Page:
Baidu ready to beat Google if US firm returns to China: CEO

Google China

Google China

Google has neither confirmed nor denied these reports. Chinese state media welcomed Google back to the country, saying things will be fine as long as the company follows the law, according to a story in The Washington Post. Though Li is potentially facing down one of the largest tech companies in the world, his bravado is not without merit; Baidu had reportedly wrestled away about 70% of Chinese market share in areas of direct competition when Google finally called it quits in 2010.

In a report from The Intercept, it seems that Google has been steadily refining its search engine over the years to ensure that it complies with China's regulations, namely preventing certain words, phrases, or topics from being discovered that have been officially censored by the local government.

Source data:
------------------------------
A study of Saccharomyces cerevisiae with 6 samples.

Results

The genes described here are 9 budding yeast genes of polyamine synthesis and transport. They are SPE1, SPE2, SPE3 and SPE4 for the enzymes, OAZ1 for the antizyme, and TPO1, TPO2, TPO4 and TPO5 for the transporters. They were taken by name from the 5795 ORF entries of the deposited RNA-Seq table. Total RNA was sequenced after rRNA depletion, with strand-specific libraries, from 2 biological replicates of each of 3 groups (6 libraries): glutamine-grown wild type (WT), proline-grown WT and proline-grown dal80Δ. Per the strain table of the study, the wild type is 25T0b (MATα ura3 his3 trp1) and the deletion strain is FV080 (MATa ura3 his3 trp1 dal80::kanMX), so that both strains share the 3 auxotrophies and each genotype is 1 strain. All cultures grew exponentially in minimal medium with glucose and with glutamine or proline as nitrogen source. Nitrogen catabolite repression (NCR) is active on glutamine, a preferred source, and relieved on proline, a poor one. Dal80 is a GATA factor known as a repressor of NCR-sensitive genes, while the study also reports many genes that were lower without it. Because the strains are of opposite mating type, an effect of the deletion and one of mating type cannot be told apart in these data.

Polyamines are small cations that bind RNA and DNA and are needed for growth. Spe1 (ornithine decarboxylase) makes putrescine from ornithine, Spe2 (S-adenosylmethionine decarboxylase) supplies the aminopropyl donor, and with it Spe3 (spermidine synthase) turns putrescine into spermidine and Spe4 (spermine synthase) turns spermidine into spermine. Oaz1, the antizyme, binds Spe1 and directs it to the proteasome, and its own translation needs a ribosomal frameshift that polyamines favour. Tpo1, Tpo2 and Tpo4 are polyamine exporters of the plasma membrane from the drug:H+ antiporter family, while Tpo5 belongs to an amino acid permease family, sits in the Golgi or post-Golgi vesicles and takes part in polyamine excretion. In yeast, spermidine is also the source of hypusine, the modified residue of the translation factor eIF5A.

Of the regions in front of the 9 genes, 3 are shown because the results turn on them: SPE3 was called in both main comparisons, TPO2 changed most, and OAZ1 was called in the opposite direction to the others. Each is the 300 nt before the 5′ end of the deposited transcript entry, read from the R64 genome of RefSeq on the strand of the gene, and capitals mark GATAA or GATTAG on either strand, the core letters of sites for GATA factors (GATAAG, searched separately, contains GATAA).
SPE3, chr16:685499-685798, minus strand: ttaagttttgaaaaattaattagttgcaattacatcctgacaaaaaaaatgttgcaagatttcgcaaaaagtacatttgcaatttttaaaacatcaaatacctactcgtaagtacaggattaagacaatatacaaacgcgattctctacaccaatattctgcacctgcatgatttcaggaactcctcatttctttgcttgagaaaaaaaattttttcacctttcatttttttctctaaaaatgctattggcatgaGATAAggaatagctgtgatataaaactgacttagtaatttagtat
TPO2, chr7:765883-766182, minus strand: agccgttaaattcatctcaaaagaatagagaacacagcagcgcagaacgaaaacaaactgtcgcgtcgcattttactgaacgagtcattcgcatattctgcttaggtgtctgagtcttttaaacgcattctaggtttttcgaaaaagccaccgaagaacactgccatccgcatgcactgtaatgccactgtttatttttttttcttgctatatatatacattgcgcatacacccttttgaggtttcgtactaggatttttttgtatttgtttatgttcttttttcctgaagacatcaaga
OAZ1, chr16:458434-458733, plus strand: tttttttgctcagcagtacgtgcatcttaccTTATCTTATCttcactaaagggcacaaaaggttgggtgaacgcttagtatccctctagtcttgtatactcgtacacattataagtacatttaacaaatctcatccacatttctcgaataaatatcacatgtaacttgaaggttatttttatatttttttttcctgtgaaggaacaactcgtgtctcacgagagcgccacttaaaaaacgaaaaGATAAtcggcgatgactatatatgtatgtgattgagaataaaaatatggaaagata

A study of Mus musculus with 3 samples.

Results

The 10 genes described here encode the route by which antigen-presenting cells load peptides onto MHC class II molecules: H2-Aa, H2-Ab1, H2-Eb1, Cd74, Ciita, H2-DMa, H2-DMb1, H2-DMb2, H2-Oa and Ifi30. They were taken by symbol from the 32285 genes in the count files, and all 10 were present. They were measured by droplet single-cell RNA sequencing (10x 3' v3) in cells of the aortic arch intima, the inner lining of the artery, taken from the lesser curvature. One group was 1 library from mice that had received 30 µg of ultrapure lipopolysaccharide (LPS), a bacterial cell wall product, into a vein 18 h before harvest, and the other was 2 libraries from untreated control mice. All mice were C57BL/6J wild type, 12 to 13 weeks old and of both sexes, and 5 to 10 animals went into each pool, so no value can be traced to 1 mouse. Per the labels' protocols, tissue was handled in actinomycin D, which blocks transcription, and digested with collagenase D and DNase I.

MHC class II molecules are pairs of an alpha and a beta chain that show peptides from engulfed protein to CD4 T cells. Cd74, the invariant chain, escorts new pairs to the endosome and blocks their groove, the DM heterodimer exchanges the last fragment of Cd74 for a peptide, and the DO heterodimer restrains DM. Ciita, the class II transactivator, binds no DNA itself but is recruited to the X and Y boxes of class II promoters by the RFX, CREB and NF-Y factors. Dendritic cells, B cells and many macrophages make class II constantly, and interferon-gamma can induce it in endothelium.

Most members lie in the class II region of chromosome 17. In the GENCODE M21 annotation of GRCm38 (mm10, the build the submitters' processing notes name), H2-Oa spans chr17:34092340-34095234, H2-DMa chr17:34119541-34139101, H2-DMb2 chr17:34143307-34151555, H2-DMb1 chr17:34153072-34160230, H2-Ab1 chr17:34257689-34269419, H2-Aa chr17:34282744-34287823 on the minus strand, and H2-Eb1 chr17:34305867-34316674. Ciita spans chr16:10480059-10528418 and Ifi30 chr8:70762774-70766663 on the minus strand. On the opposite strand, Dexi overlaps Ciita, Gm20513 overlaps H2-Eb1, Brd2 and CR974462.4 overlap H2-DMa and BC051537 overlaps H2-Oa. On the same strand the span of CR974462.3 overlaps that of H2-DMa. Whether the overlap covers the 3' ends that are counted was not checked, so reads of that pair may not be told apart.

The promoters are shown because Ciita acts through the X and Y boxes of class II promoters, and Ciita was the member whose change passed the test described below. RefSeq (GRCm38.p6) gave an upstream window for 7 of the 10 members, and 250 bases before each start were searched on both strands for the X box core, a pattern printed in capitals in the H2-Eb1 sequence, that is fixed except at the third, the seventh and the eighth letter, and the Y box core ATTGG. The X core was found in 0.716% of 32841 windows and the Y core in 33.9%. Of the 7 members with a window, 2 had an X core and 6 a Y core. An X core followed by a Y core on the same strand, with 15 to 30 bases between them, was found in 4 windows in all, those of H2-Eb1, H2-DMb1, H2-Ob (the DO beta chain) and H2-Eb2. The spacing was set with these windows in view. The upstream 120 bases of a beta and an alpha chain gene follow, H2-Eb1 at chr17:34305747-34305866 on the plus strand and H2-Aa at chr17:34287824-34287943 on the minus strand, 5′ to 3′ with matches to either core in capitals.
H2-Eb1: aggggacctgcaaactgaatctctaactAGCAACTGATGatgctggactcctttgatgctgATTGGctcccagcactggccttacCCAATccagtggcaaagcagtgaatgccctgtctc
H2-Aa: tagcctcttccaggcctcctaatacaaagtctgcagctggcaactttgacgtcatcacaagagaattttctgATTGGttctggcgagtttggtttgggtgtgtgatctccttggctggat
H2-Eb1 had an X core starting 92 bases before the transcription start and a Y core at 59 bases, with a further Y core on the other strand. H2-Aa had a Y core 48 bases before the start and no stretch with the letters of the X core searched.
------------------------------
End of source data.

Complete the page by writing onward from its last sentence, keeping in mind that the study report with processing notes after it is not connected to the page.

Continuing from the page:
These are the sites Google would likely to censor in its upcoming Android search app for China.

"They compiled a list of thousands of websites that were banned, and then integrated this information into a censored version of Google's search engine so that it would automatically manipulate Google results, purging links to websites prohibited in China from the first page shown to users".

But when news that Google was considering a comeback with censored apps, Baidu's stock price fell 7.7 per cent. News of a potential return have been met with resistance from employees and criticism from human rights advocates and lawmakers.


However, Google was able to see these search terms and note exactly what was blocked by the ruling Communist Party regime in China.

Google and China-based Tencent Holdings entered into a joint agreement that the USA company said would allow it to focus on building better products and services.

Does that mean that Google has made a decision to put potential financial gains ahead of supporting the internet freedom that's available in so many other countries? Facebook is also blocked in the country, but the social network is vying to gain a foothold.